How many times have you watched some campy movie and riffed off the sheer stupidity of it? Wooden dialogue, execrable acting, lack of continuity — all easy targets. In 1982, a young Larry Coen was watching Cecil B. DeMille’s The Ten Commandments with his Brandeis University friend David Crane, who went on to executive-produce the television show Friends.
"We couldn’t help but notice that the extras in the scene where the Israelites leave Egypt were a different set of extras from the Golden Calf scene," Coen explains. "The group leaving Egypt were skinny, dressed in rags, and bearing heavy burdens on temperamental beasts, whereas those at the Golden Calf orgy were tanned chorines and muscle men engaging in lusty sin. How did some extras get the orgies while others got the plagues?"
Some might be content to throw popcorn at the cathode-ray tube and call it a night, but not Coen and Crane. They were two young actors/writers/whatevers who’d just moved to New York and "wanted to make something happen." So they put aside the Andrew Lloyd Webber–style musical they’d been working on and began a script about extras marooned on a film set.
The backstage comedy has a long and noble tradition, as All About Eve, Noises Off, and Waiting for Guffman attest. But never before has a play been inspired by some of the greatest, most colossal, stupendous, and stupefying movies of this or any time: Biblical-era epics. Coen & Crane’s Epic Proportions is gearing up for its New England premiere at the Lyric Stage Company of Boston, where Davis Robinson directs a cast that doesn’t number a dozen, though thousands are implied in the parodic romp.
"The play is about two brothers who go to the desert to be in an epic movie, and by the end they’ve turned against each other," says Coen, who notes the inevitability of fraternal tension as a plot point. "There’s always that moment where someone they’re very close to is someone they end up being sworn enemies with. They even did that in Gladiator, with Russell Crowe and Joaquin Phoenix." In Epic Proportions, one brother is a wizard at crowd control thanks to a background in marching band. His talent brings him attention but also turns — yes, you guessed it — brother against brother.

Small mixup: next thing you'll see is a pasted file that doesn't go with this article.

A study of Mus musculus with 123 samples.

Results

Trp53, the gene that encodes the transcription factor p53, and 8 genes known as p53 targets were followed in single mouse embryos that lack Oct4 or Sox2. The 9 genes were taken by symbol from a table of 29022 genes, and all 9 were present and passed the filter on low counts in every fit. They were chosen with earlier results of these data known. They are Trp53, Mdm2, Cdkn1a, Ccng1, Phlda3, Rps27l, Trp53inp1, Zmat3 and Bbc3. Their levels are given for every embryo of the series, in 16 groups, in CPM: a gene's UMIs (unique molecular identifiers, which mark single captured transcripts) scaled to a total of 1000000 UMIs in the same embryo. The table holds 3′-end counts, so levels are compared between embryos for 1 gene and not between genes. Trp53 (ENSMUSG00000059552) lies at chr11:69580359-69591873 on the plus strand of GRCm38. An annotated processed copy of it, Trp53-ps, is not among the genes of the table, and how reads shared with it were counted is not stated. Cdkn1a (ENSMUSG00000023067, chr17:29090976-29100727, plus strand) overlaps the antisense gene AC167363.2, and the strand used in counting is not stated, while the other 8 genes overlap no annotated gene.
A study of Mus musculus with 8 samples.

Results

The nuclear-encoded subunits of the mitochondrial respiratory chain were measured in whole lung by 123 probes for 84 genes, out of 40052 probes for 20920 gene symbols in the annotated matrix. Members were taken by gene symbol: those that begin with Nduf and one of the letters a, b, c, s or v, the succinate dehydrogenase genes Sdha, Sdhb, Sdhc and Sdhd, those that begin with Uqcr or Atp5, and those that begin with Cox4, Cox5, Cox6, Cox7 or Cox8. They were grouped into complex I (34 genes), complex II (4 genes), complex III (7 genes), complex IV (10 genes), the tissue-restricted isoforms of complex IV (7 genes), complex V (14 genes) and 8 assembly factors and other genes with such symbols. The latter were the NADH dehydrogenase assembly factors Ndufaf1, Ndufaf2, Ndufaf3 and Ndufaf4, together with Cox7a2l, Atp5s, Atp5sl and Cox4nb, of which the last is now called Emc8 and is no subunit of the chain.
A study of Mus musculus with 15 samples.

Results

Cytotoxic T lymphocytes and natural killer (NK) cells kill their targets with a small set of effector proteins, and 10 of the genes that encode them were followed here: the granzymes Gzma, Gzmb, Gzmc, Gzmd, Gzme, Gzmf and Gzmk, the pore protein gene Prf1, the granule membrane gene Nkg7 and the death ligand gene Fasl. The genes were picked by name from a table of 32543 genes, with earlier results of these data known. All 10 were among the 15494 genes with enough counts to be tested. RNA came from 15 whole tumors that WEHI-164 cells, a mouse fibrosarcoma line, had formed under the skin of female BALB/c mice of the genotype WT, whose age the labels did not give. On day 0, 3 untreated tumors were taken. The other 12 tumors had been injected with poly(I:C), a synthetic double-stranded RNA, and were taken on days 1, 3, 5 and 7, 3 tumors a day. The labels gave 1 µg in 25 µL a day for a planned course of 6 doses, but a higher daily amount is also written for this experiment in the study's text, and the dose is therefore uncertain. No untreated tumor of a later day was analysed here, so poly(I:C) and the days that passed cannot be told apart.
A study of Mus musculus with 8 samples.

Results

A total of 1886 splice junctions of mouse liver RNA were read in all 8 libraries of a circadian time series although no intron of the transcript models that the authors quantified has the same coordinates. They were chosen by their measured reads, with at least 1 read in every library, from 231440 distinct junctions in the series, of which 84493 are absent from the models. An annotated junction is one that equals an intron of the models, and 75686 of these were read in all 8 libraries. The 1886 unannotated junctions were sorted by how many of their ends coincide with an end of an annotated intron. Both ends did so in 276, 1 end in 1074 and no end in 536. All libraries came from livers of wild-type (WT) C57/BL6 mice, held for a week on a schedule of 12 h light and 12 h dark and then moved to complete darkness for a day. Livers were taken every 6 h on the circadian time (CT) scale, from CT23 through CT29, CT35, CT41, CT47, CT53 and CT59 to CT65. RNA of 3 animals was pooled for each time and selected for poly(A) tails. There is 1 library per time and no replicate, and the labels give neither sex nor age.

The multi-talented Coen was last on stage in the Lyric’s production of Dirty Blonde and last off stage directing Shel Shocked at the Market Theater. For this project, he’s happy to be the writer, and he looks forward to "the final polish." Last year, a revised version of Epic Proportions received acclaim in New York (it had been directed by the renowned Jerry Zaks). But Coen and Crane wanted to restore their original vision. "A lot of what you see in the movie-within-the-play, Exeunt Omnes ("Everybody out!")," Coen points out, "is about betrayal and conspirators and struggles and murders and poisonings and intrigues. What’s fun is picking these huge scenes and staging them in a small theater."
Actor Neil Casey plays multiple on- and off-screen roles in the play, and he appreciates the distinctions between acting and Epic acting. "It’s very big and broad, and some of the language is very flowery. It sounds like Shakespeare where they’re using these great metaphors but not really saying anything."
As for Coen, time has not withered his appreciation of high camp, and he’s amused by the resurgence of the BC blockbuster. "There’s a whole wave of them coming — Troy, with Brad Pitt as Achilles. Gladiator set off a whole new wave." Unfortunately, what the new pictures lack is what’s essential to Epic Proportions. "Now they don’t use extras the way they used to," Coen concludes with a hint of regret. "They computer-generate them. A computer-generated crowd never has the randomness of a real crowd."
Epic Proportions opens at the Lyric Stage Company of Boston next Friday, November 22, and runs through December 21. Tickets are $22 to $38; call (617) 437-7172.